Some climbers attempting to scale Mount Everest during the upcoming spring climbing season will be strapped with a GPS device to locate them in case they are in trouble and to prevent false claims of reaching the summit, officials said Monday.
Hundreds of climbers are expected to attempt to climb the world's highest peak in April and May, but only a few will be fitted with the devices as an experiment.
The chief of Nepal's tourism department, Durga Dutta Dhakal, said the devices, costing about $300 apiece, would help locate climbers who are in trouble on the mountain so rescuers can be sent.
The devices will also track the movement of the climbers while they are on Everest. The data will be checked after they get back from the mountain to determine whether they reached the summit and should be issued a climber's certificate.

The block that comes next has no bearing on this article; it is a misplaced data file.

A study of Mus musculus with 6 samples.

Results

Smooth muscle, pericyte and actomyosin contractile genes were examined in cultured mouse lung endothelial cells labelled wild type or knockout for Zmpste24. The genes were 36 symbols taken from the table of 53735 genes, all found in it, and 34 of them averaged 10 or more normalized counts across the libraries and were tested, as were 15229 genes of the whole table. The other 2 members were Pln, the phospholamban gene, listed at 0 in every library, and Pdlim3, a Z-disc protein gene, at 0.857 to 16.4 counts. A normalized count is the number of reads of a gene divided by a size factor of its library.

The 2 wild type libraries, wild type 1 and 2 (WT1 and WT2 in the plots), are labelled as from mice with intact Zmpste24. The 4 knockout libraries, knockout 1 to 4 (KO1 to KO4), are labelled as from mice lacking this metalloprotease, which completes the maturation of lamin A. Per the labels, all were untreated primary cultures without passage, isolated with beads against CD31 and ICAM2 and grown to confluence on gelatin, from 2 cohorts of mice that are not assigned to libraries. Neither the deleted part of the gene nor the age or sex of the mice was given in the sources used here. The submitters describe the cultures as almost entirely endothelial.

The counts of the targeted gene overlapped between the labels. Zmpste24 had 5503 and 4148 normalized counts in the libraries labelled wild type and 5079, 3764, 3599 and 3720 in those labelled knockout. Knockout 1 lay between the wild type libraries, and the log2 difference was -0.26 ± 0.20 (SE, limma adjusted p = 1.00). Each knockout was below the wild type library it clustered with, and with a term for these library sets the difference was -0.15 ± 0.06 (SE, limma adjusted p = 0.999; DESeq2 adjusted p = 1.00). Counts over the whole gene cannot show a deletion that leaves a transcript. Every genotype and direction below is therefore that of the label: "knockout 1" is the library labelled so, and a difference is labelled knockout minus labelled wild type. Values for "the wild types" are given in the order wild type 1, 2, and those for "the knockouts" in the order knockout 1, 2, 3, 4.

Last year, an Indian couple claimed they scaled the peak and received a certificate from mountaineering authorities, but it was later determined that they had altered their photo on the summit. It was a huge embarrassment for Nepalese mountaineering authorities.
Climbers only need a photo showing them on the 8,850-meter-high (29,035-foot-high) summit and a report from a government-assigned liaison official. The officials, however, rarely stay on the mountain to monitor the climbers.
Climbers are also covered with heavy clothing, climbing gear and oxygen masks, making it difficult for them to be clearly recognized in photographs.
The 2017 spring climbing season is expected to be busy on Everest. Hundreds of climbers were able to scale the peak last year following two years of disasters on the mountain.
The 2015 season was scrapped after 19 climbers were killed and 61 injured by an avalanche at the base camp triggered by a massive earthquake. In 2014, an avalanche at the Khumbu Icefall killed 16 Sherpa guides.